Brigadier General Neil Smart lived a full life, 94 years, a World War Two veteran, a retired regional director of the V.A. But to David Smart, the General was first and foremost, a dad at home.
"Our life was like 'Leave It To Beaver.' If we needed discipline, he gave it us. He was a great encourager, an optimist," said Smart.
Just a few days ago, Mr. Smart gave a gift to 5th graders at Prattville Christian Academy, Tom Brokaw's book, 'The Greatest Generation' with the hope children would learn a thing or two about the very sacrifices the veterans made more than 60 years ago.
"I want them to learn how important it is to be patriotic," said Neil Smart about two weeks ago.
For Smart the end came Friday night. He was just hours away from making the Honor Flight trip to Washington, a journey for veterans like him to see their own war memorial. In fact, Smart called Roscoe Williams first before dialing 911. He died of a heart attack.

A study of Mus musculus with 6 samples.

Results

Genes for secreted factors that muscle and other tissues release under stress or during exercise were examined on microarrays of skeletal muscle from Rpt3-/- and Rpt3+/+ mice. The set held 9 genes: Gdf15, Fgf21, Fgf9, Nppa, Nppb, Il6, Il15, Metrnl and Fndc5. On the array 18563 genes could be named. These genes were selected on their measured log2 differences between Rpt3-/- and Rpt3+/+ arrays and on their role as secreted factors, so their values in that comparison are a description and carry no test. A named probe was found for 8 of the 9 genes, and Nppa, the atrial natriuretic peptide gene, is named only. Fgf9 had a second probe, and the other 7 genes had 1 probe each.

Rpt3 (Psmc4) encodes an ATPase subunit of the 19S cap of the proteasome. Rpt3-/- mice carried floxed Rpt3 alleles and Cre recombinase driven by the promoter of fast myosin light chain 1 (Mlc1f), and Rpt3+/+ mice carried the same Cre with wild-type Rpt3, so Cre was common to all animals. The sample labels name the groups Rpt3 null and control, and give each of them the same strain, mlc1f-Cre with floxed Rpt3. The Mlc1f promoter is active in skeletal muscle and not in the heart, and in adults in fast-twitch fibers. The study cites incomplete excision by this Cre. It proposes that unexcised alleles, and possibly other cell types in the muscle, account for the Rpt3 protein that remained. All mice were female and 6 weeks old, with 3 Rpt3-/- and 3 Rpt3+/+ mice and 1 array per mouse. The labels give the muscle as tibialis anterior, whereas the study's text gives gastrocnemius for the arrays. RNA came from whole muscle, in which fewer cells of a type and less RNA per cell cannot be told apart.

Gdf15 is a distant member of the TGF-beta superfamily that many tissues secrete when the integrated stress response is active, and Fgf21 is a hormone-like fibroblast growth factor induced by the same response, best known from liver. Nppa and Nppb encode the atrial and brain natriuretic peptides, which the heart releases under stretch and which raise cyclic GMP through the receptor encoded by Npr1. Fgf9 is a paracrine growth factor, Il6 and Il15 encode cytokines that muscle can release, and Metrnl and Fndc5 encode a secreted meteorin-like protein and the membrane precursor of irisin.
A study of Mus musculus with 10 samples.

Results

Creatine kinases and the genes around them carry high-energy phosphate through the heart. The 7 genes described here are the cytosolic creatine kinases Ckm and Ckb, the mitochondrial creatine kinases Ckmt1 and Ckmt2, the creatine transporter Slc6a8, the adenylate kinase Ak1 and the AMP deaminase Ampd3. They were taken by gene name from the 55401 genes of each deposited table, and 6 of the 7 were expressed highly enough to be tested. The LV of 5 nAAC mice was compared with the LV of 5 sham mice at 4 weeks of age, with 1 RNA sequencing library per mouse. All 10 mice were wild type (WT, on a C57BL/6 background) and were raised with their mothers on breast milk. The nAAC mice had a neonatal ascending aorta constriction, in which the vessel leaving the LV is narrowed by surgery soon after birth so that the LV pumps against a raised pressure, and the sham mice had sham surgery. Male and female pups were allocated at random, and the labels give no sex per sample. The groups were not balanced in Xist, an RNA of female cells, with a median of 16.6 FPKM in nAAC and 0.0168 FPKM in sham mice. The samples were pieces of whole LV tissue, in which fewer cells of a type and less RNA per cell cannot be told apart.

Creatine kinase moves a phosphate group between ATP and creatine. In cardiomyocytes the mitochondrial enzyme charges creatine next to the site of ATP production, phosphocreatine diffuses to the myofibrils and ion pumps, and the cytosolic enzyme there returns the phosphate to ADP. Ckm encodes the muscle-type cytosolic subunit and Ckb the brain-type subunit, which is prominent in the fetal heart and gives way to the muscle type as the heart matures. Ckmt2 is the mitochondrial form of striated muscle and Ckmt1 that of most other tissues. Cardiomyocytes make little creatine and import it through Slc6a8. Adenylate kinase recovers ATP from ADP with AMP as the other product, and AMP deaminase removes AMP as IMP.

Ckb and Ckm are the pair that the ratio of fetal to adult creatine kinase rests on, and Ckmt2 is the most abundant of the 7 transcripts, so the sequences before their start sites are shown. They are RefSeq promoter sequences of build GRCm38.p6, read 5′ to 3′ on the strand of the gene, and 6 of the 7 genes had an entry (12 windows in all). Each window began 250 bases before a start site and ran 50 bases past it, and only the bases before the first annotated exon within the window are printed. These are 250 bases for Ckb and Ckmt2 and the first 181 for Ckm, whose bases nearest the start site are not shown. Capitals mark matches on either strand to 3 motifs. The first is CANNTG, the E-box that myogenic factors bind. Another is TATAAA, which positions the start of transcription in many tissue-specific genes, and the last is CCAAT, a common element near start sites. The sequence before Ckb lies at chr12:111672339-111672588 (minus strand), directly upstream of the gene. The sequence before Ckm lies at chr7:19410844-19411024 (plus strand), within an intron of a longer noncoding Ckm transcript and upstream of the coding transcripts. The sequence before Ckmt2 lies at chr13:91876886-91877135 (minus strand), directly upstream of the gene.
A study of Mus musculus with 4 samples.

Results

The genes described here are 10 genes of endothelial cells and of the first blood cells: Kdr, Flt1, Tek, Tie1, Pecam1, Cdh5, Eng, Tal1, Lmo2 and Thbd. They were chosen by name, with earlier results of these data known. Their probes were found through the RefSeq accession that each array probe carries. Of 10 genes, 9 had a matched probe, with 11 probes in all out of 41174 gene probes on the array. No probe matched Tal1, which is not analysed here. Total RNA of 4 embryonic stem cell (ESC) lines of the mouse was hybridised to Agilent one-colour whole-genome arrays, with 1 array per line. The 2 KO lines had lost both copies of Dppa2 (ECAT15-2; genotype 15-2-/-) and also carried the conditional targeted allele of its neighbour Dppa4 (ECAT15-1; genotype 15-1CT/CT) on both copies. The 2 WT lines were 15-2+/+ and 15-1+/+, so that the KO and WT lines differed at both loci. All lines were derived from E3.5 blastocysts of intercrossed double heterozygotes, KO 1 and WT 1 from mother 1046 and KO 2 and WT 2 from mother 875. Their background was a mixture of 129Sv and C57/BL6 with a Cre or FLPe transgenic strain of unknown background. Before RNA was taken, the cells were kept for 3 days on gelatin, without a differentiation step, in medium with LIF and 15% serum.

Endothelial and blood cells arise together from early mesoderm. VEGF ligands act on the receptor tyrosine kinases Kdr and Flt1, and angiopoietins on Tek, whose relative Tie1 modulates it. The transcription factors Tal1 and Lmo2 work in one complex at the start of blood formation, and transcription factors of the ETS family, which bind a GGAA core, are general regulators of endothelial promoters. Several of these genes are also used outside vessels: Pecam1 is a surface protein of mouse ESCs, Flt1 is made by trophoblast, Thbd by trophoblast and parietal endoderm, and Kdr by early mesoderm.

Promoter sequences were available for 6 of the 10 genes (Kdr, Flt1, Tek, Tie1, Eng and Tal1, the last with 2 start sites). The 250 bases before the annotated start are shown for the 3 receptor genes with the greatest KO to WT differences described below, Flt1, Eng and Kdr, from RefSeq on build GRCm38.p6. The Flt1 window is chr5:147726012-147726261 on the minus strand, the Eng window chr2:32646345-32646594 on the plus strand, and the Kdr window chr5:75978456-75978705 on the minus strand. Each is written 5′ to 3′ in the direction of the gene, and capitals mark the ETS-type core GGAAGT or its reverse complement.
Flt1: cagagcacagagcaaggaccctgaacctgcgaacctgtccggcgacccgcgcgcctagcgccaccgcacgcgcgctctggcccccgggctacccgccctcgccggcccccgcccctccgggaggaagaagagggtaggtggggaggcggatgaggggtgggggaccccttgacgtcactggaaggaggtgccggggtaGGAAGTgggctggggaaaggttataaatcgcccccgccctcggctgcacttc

"He said, 'Roscoe.. I don't think I'll make it. I got to call the ambulance,' Williams said.
Smart died around 9:30 that night, 9-and-a-half-hours before the chartered U.S. Air jet took off from Montgomery Regional Airport.
A patriot to the end. Just as Smart was slipping away his grandson, Hunter Smart, stood at the foot of the General's bed and gave one final salute.
Friends and family say the Brigadier General did in fact make the Honor Flight trip, just not the one that took off Saturday morning from Montgomery.
At Greenwood Cemetery, Smart received a full military burial with a 21-gun salute. Smart fought in the Battle of the Bulge and earned 4 battle campaign stars.